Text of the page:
Over the years, there have been several Snow Goer Snowmobile of the Year picks that have been controversial among readers and industry insiders alike. Should a race sled be eligible (1994’s Arctic Cat ZR 440)? Was the Gen II chassis really worth recognizing (1999’s Polaris Indy 700 XC SP)? How could we pick an 800 two-stroke twin over the first modern four-stroke (2002’s Ski-Doo MX Z 800 topping the Arctic Cat 4-Stroke Touring)? Was the 2007 pick potentially trend-setting and inviting to newcomers, or just quirky (Yamaha Phazer)? Let’s not even get into the 2003 selection process, which featured three superstar machines that could have won in any other year (first REV chassis in the MX Z, first performance four-stroke in the RX-1, the first incredible light and powerful Firecat F-7) but the rules stated there could only be one winner…
But no pick generated as much internal strife within the Snow Goer walls as the selection of the 1992 Yamaha Vmax-4. Some who were on the staff at the time still mumble and grumble about it to this day, and cite it openly whenever questioning more modern picks, even though nobody who was a part of that process has been a part of the SOTY process since 1995. Time to let it go.
A lot of things can be said about the Vmax-4 and its place in history. It certainly is a memorable sled, and it brought many interesting features to the market — some of which weren’t even mentioned in that year’s SOTY writeup (like being the first production sled with digital CDI, or being the first to showcase the low drag coefficiency of plastic on the bottom of a ski). That writeup is posted below. In hindsight now, the comments about it’s “better handling” seem laughable — the sled had more push thank a fully loaded shopping cart at Piggy Wiggly. The thing I will forever remember about the Vmax-4 was its incredible, indescribable sound. It stock form, it was pure music; modified for lake racing, it was even sweeter.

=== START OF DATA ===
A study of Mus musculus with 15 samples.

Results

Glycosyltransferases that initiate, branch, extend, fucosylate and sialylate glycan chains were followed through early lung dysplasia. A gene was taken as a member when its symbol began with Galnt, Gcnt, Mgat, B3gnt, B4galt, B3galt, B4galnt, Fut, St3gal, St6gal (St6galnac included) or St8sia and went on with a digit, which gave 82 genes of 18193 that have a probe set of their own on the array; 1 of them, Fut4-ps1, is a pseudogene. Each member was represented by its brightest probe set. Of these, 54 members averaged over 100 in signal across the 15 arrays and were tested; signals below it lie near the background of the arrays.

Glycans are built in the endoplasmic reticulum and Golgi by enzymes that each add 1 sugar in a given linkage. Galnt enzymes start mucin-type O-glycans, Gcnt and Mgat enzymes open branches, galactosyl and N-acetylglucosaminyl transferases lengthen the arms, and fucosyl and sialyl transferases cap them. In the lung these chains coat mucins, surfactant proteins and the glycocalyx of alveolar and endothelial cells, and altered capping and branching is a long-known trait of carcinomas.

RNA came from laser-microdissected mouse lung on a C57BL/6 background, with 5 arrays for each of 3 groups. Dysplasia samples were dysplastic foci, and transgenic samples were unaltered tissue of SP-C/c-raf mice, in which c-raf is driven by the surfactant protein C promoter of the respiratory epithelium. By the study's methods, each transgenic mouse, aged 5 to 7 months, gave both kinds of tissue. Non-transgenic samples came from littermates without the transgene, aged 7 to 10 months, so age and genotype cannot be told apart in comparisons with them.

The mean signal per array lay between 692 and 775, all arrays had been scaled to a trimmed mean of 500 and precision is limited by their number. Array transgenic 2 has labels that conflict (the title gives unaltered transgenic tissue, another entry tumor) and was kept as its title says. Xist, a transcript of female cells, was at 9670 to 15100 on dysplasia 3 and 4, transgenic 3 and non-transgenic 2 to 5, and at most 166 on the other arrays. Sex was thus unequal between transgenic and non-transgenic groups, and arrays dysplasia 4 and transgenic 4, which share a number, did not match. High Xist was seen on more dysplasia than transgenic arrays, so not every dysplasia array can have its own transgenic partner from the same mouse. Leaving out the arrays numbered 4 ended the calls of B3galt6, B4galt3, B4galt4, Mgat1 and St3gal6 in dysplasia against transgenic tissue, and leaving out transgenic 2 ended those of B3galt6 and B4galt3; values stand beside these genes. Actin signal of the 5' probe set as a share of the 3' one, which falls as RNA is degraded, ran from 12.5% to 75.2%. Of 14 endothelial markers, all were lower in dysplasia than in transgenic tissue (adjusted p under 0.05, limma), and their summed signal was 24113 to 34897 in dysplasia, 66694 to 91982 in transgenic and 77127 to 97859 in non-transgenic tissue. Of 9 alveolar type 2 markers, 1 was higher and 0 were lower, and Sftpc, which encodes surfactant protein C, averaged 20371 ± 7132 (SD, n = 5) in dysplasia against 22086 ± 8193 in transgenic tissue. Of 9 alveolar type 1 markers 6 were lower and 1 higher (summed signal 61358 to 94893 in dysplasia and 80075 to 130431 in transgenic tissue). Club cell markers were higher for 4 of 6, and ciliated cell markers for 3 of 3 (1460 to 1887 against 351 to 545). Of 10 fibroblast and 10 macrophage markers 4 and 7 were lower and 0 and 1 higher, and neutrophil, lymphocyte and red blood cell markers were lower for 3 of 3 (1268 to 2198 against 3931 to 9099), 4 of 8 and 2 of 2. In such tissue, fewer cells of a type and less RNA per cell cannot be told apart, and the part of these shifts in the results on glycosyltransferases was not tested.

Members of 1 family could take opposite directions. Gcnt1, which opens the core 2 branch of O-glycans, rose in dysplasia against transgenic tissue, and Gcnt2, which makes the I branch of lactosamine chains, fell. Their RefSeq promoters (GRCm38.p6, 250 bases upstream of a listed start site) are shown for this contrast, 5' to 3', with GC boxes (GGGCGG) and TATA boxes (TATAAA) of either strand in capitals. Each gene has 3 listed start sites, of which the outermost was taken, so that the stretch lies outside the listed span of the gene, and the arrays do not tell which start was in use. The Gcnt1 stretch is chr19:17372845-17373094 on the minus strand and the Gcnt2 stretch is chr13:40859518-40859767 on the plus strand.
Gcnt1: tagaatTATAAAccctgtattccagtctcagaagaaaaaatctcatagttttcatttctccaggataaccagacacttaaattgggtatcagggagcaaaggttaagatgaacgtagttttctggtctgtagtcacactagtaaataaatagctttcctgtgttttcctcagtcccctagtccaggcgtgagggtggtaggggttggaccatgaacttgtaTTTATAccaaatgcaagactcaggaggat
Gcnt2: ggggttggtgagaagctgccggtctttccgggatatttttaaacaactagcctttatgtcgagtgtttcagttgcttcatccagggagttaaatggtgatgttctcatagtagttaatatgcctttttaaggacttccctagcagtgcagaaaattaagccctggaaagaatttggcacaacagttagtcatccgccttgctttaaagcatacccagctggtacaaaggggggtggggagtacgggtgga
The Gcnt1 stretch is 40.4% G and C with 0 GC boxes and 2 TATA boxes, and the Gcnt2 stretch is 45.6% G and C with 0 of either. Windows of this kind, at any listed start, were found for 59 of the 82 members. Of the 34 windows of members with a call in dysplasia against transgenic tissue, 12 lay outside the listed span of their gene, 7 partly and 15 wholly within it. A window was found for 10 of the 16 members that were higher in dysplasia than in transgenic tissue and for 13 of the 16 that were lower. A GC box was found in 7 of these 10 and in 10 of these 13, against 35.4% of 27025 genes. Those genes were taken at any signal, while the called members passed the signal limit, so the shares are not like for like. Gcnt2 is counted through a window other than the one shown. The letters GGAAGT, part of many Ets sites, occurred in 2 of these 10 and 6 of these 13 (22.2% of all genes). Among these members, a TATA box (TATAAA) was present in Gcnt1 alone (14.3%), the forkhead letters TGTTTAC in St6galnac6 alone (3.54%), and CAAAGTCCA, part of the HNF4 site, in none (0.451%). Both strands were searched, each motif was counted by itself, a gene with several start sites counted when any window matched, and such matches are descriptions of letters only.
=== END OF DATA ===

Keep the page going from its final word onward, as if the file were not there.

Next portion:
For this week’s Throwback Thursday, here’s a look back at the writeup from the March 1992 edition of Snow Goer magazine, recognizing its Snowmobile of the Year:
Snow Goer’s 1992 Snowmobile Of The Year: Yamaha Vmax-4
With all of the hoopla and talk surrounding the Vmax-4 this season, it probably comes as no surprise that we’ve named it our 1992 Snowmobile of the Year. People have been telling us for months: “The Vmax is a cinch to win your award.” Well, it wasn’t exactly a cinch, because several other models certainly were considered for the top slot, including the new Jag Special and Indy 440 XCR. But, when it came right down to it, the Vmax-4 is so unique, so new and so different from any other sled on the market that there really was only one choice to make.
. An interesting aspect of our selection was that the unique in-line four-cylinder engine really wasn’t a major factor. Muscle alone does not make a Snowmobile of the Year. Yes, the 743cc motor (which really works like two two-cylinder motors joined together) is the biggest and baddest this year, but that can, and probably will, change from year to year. When you look under the hood, it’s actually the new PTO drive system that gets all the attention. The all-new design, driven from the center of the crankshaft instead of the end, reduced vibration and increases durability.
. But there’s more to the 1992 Vmax-4 than the new powerplant, much more. One industry-first (for a production snowmobile) is the new top-cog V-belt. A new track with deep-grooved lugs provides unequalled traction. The Vmax also comes with new aluminum skis with plastic bottoms for better traction. There’s more!
. New technology is everywhere on the Vmax-4. A wrap-around windshield with multi-reflective halogen headlight is new. A new handlebar position eliminates arm fatigue, while a new steering design lowers the sled’s center of gravity and results in better handling. A new chain case with a silent chain even reduces sled noise.
. There were a limited number of Vmax-4 sleds built and sold this year, so if you happened to get your hands on one, consider yourself one of the lucky few. It’s easy to say, however, that the Vmax-4 isn’t for everyone. The revolutionary (seems we used that word way back in 1984 to describe another unique Yamaha vehicle called the Phazer) Vmax-4 retails for $8,500, making it far and away the most expensive consumer trail sled in the sport. But, what do you expect when you’re getting the Snowmobile of the Year?